Here’s the kind of news we’d like to hear more of: Currently in the works is a film about the first group of black women mathematicians at NASA who helped the moon landing happen. Producer Donna Gigliotti, director Ted Melfi and screenwriter Allison Schroeder are adapting “ ,” Margot Lee Shetterly’s nonfiction account of these largely forgotten math whizzes, and Fox 2000 is in talks to secure the project.
The film adaptation will focus on real-life heroes Katherine Johnson, Mary Jackson, Dorothy Vaughan, Kathryn Peddrew, Sue Wilder, Eunice Smith and Barbara Holley, who battled Russian scientists in the space race at the office and segregation and Jim Crow laws at home. Perhaps the best known among these pioneers is Johnson, whose calculations charted the flight paths for the first mission into space in 1961 and the moon landing in 1969. Known as the “colored computers” — female engineers were then known as “computers” — their stories intersect with the fights for gender equality and civil rights.
Shetterly is the daughter of a NASA scientist at Langley and explained in a blog post that she wrote the book “Hidden Figures,” which will be published next year by Harper Collins, so that this early and integral history of NASA wouldn’t be forgotten. “As a child,” she writes, “I knew so many African-Americans working in science, math and engineering that I thought that’s just what black folks did.”
“Most Americans have no idea that from the 1940s through the 1960s,” Shetterly states, “a cadre of African-American women formed part of the country’s space work force, or that this group — mathematical ground troops in the Cold War — helped provide NASA with the raw computing power it needed to dominate the heavens…. ‘Hidden Figures’ recovers the history of these pioneering women and situates it in the intersection of the defining movements of the American century: the Cold War, the Space Race, the Civil Rights movement and the quest for gender equality.”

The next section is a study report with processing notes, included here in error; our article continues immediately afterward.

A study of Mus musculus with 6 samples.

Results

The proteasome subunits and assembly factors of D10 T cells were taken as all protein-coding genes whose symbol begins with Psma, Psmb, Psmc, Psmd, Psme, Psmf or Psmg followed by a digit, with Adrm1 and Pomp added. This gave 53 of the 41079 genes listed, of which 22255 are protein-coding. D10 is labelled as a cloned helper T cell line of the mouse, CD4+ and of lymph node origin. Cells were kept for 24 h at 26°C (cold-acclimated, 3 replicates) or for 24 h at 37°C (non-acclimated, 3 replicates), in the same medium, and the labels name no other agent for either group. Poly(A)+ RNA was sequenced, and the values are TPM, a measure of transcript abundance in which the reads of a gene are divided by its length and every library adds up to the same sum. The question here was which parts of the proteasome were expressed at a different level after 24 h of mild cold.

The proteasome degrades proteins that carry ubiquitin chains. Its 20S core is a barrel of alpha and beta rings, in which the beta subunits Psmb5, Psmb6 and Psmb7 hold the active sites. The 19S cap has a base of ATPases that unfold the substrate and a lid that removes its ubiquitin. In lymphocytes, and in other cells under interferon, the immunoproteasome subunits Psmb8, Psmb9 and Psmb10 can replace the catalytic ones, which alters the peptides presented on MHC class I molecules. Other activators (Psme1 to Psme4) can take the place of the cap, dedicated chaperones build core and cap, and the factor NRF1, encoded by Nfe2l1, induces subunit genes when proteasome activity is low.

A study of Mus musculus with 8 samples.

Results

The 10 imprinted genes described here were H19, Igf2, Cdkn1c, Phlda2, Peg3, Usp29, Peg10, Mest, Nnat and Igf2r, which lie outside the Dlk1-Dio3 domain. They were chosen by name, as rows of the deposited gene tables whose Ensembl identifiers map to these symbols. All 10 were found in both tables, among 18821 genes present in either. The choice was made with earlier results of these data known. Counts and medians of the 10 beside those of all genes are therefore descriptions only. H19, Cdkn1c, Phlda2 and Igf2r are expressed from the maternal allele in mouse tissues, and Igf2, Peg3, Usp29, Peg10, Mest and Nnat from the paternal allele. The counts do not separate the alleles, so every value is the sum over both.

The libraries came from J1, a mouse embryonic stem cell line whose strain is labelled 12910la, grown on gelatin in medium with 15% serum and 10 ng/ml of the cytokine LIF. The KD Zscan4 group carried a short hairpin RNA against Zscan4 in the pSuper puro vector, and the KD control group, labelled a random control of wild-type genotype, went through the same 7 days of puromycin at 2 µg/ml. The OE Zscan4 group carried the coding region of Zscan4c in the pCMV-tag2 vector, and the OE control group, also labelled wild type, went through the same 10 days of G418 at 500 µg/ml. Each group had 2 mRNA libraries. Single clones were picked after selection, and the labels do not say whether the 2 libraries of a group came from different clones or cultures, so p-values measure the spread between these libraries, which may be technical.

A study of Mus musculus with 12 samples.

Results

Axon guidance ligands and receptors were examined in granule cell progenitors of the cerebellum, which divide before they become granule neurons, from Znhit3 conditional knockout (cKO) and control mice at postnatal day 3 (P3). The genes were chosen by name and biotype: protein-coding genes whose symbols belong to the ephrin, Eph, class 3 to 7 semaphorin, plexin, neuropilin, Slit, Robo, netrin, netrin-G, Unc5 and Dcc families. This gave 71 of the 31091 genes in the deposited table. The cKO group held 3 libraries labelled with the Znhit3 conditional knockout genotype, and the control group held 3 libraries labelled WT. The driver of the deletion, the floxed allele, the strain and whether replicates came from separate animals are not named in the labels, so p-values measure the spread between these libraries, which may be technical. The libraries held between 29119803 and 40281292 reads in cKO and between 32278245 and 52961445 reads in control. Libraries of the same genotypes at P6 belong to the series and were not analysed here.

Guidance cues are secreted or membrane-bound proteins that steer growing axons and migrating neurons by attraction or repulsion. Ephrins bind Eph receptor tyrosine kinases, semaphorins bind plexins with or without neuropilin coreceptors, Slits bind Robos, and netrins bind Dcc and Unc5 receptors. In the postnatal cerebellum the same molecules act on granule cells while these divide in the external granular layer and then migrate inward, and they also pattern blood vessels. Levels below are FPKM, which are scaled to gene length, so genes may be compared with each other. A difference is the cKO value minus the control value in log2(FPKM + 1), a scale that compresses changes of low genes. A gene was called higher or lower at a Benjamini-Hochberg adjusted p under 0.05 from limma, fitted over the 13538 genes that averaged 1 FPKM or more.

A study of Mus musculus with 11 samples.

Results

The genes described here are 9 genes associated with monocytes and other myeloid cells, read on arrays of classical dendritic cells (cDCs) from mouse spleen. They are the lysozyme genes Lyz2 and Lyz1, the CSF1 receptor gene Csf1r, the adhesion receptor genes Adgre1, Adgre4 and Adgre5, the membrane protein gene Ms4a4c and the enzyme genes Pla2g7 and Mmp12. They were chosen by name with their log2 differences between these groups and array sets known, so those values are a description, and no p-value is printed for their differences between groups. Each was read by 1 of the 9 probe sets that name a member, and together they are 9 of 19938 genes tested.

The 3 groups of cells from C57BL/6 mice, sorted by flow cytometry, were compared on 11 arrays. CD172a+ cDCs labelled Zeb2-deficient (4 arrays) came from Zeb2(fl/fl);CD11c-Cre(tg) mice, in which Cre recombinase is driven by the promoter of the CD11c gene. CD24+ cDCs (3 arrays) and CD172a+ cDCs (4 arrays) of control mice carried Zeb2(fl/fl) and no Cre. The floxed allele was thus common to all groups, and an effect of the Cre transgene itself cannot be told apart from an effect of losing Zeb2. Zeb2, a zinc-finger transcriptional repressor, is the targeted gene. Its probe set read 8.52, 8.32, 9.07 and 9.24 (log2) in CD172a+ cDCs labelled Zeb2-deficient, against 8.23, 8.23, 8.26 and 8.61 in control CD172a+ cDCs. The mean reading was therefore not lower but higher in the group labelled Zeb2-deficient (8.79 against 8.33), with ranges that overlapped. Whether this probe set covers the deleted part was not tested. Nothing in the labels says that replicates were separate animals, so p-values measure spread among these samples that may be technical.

She continues, “Langley advertised in Norfolk, VA’s Journal and Guide, seeking machine shop workers, laborers, janitors — and African-American women with math degrees. These women were nearly all top graduates of historically black colleges such as Hampton Institute, Virginia State and Wilberforce University. Though they did the same work as the white women hired at the time, they were were cloistered away in their own segregated office in the West Area of the Langley campus — thus the moniker, the West Computers. But despite the hardships of working under Virginia’s Jim Crow laws, these women went on to make significant contributions to aeronautics, astronautics, and America’s victory over the Soviet Union in the Space Race.”
Fox 2000 hopes to get production off the ground early next year.